The Signs Gospel (AD 50-90) is a lost book of miracles of Jesus Christ. Parts of it made it into the Gospel of John. It is the “book” that John 20:30-31ab speaks of:
“And many other signs truly did Jesus in the presence of his disciples, which are not written in this book: But these are written, that ye might believe that Jesus is the Christ, the Son of God.”
Which sets the scope and purpose of the Signs Gospel. It sees his miracles as signs or proof that Jesus is the Son of God, the Christ or Anointed One of God promised by Moses.
In 1941 a close study of the Gospel of John by Rudolf Bultmann (pictured) showed that parts of it seem to be have been copied from another book. These parts do not fit in smoothly with the rest of the gospel.
If you take out these ill-fitting parts and put them together in geographical order you get a book the reads more smoothly than John as a whole, one that tells a story in its own right:
- John the Baptist announces the coming Messiah (John 1:6-7, 19-34);
- Jesus gathers disciples (1:35-50);
- Jesus performs miracles while slowly making his way to Jerusalem for Passover:
- Cana: Turns water into wine (2:1-11);
- Capernaum: Heals a nobleman’s son (2:12a; 4:46b-54);
- Sea of Tiberias:
- A huge catch of fish (21:1-14);
- Feeds 5,000 (6:1-14);
- Walks on water (6:16-21);
- Bethany: Raises Lazarus from the dead (11:1-45);
- Pool of Siloam: Gives sight to a man born blind (9:1-8);
- Bethesda: Heals a man who cannot walk (5:2-9);
- The Temple: Jesus drives out money changers (2:14-19);
- Jewish leaders plot his death (11:47-53; 12:37-40);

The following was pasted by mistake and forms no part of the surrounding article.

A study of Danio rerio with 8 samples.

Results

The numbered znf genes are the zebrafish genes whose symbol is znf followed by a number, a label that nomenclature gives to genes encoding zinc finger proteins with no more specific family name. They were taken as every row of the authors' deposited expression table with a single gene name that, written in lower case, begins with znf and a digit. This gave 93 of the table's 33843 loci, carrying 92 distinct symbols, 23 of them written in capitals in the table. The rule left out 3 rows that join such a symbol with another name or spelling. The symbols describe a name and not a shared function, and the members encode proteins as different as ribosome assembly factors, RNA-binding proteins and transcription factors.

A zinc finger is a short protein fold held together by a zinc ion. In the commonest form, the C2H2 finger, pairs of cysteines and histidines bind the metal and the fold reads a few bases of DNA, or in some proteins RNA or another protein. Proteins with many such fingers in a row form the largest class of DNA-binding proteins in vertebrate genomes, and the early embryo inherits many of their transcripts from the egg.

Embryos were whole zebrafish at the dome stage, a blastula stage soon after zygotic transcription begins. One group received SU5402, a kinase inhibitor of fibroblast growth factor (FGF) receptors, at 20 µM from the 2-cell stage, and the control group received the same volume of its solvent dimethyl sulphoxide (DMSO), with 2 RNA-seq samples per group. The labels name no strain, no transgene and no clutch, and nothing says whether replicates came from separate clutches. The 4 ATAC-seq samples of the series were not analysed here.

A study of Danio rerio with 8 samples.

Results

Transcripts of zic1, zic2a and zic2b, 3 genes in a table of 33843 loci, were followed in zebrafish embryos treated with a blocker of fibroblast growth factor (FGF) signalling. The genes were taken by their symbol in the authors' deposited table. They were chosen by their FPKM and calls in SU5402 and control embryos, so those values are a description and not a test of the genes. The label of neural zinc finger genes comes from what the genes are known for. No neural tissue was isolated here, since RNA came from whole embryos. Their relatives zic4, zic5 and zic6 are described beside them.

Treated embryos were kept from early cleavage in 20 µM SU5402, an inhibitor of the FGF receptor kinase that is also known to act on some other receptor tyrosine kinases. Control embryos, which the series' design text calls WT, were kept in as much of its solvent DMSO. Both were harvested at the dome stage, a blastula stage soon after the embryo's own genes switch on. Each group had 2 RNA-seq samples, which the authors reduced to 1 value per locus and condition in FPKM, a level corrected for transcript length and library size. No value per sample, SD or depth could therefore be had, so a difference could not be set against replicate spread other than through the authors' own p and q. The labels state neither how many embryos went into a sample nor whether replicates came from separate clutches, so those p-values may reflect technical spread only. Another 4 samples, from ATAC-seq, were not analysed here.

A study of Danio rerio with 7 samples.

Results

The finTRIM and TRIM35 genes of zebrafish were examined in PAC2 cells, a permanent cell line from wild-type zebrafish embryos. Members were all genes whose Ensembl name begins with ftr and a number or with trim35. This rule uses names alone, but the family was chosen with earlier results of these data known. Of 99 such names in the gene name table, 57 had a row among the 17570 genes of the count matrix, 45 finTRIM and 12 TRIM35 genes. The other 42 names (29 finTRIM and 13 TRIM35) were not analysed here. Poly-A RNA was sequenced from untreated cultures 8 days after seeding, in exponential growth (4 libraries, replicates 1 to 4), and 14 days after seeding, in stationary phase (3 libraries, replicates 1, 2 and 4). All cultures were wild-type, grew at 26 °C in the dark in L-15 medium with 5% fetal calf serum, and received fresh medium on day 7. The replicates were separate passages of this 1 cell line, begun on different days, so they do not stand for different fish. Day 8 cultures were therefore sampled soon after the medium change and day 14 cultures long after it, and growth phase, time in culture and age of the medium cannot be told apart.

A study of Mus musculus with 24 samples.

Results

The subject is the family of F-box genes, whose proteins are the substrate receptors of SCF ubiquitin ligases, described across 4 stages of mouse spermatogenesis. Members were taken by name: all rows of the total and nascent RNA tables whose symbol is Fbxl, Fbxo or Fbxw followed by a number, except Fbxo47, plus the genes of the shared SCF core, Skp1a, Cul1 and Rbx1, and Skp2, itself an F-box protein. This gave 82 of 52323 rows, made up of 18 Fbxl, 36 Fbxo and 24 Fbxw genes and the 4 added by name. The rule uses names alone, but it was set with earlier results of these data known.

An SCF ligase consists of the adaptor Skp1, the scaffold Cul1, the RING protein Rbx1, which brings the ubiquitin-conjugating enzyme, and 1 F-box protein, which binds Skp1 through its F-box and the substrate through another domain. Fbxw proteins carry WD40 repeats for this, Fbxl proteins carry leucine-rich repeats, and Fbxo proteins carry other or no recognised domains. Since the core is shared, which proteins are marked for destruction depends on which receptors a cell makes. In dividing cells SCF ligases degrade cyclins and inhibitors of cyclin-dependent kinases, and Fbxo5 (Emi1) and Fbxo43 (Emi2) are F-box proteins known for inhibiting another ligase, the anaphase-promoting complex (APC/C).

- Back in Bethany Mary anoints Jesus (12:1-8);
- Enters Jerusalem on a donkey (12:12-15);
- Passion (13:1-38; 14:31b; 18:1-19:42);
- Resurrection (20:1-22);
- Closing (20:30-31ab, quoted above).
While scholars disagree about the reconstruction, most agree there was some such source.
If the Signs Gospel had any sayings, parables and teachings of Jesus, John made little use of them.
John puts long speeches by Jesus at the heart of his gospel. He pulls in pieces from the Signs Gospel as needed. For example, when Jesus gives the Bread of Life speech, John puts the feeding of 5,000 and walking on water right before it (John 6).
In John, unlike the Signs Gospel:
- Hebrew words are translated. John, for example, has to tell his audience that Cephas means Peter.
- “The Jews”: John calls Jesus’s enemies hoi Ioudaioi, “the Jews”, over and over again – even though Jesus and his followers were Jews too! The Signs Gospel sees Jesus as the fulfilment of the Jewish faith, while in John’s time Christians were being kicked out of synagogues (John 9:22).
Dating: The Signs Gospel talks about the five porches or colonnades of Bethesda like they were still there (John 5:2). The Romans destroyed them in AD 70. The second half of the book, though, may have been written later (or earlier) since it is done in a different style, quoting Scripture left and right. The whole book was completed by the year 90 or so when the Gospel of John was written.
– Abagond, 2014.
Sources: mainly earlychristianwritings.com, “The Complete Gospels” (2010) edited by Robert J. Miller.